Dead man's sperm

An Israeli court gives parents permission to have a woman inseminated with their dead son's sperm.

By Catherine Price
Published January 30, 2007 7:49PM (EST)

Check this out: CNN reports that "an Israeli court has ruled that a dead soldier's family can have his sperm impregnated into the body of a woman he never met."

The man in question is Keivan Cohen, who was killed in 2002 in the Gaza Strip. As CNN reports, he was single and had no will, but his parents managed to have a sample of his sperm preserved. Only problem is, until his parents brought the issue to court, the only person allowed access to a dead person's sperm was a spouse. But his parents fought that rule, using testimony that included video recordings of Cohen saying that he wanted children, and eventually won the right to use the sperm to impregnate a woman chosen by the family.

According to Irit Rosenblum, the family rights advocate who represented the Cohen family, this is part of a bigger trend. She's quoted as saying that she knows of at least 100 Israeli men who asked that their sperm be preserved if they were to be killed in last summer's fighting and that she's heard of American soldiers giving sperm donations before heading into Iraq.

It's an interesting idea that one's bloodline could be continued -- as a result of parental intervention -- even if the sperm's creator were killed. In some ways, it just seems like a more specified form of sperm donation and I can imagine families being truly grateful for the opportunity to have their son's memory live on. Then again, it creates kids who never had a living father. And since the mothers in these cases would not have been married to (or necessarily romantically involved with) the fathers, struggles might arise over who gets legal custody (grandparents or mother?). On the other hand, there could be difficult arguments over whose responsibility it is to raise the child, especially when the grandparents die. Thoughts?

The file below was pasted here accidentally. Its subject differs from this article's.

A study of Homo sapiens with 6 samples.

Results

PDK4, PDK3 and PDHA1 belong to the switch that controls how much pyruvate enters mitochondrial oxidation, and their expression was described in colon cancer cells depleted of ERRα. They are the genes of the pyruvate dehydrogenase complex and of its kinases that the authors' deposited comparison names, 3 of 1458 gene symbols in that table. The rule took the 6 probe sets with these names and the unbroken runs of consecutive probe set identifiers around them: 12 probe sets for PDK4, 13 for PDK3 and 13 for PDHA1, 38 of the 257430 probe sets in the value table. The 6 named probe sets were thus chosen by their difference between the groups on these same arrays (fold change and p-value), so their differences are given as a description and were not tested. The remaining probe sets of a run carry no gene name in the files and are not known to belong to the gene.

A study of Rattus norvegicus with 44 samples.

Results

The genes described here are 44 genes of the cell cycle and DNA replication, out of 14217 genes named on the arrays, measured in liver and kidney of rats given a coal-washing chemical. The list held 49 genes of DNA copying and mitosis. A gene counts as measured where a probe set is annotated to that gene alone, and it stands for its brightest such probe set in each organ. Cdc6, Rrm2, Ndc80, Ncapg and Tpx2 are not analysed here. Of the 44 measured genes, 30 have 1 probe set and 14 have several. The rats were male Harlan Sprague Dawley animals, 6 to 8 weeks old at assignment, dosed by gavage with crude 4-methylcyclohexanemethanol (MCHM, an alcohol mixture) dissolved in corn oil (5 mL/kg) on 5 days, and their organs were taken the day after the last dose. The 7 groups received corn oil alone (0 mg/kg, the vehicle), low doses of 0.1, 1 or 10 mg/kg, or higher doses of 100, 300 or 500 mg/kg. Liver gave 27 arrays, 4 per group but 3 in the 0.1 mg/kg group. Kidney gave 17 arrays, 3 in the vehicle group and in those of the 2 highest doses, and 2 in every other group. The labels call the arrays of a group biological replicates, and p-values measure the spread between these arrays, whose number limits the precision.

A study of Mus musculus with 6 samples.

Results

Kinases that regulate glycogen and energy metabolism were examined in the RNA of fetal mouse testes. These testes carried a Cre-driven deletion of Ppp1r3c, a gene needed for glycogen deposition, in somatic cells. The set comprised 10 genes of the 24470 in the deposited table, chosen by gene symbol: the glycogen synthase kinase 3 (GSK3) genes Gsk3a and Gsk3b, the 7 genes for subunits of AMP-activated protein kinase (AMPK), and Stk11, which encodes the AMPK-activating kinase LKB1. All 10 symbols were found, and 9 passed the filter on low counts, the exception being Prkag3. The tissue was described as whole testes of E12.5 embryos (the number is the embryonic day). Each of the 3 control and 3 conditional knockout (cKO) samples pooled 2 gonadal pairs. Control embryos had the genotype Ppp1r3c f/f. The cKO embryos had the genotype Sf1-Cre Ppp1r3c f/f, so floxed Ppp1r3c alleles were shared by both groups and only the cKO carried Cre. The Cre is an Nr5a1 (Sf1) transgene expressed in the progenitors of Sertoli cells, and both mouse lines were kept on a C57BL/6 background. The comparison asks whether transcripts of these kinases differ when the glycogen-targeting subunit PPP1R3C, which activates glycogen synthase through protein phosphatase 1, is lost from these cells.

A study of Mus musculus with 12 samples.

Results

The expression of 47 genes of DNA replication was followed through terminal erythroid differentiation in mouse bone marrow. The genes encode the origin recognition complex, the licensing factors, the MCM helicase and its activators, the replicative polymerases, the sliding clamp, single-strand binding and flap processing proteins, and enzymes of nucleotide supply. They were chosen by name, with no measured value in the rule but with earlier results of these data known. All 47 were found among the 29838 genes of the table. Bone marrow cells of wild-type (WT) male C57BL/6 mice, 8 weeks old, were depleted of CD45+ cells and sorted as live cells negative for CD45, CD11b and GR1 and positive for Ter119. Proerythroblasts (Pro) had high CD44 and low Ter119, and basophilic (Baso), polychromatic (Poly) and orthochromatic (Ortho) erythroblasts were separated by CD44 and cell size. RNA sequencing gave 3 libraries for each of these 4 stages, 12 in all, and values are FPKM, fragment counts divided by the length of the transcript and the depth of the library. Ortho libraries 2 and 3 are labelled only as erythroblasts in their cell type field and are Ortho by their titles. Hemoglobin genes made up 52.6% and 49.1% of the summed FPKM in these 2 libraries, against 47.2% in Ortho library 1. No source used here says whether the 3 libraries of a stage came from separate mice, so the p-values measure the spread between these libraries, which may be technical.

Catherine Price

Catherine Price is an award-winning journalist and author of Vitamania: How Vitamins Revolutionized the Way We Think About Food. Her written and multimedia work has appeared in publications including The Best American Science Writing, The New York Times, Popular Science, O: The Oprah Magazine, the Los Angeles Times, The San Francisco Chronicle, The Washington Post Magazine, Salon, Slate, Men’s Journal, Mother Jones, PARADE, Health Magazine, and Outside. Price lives in Philadelphia.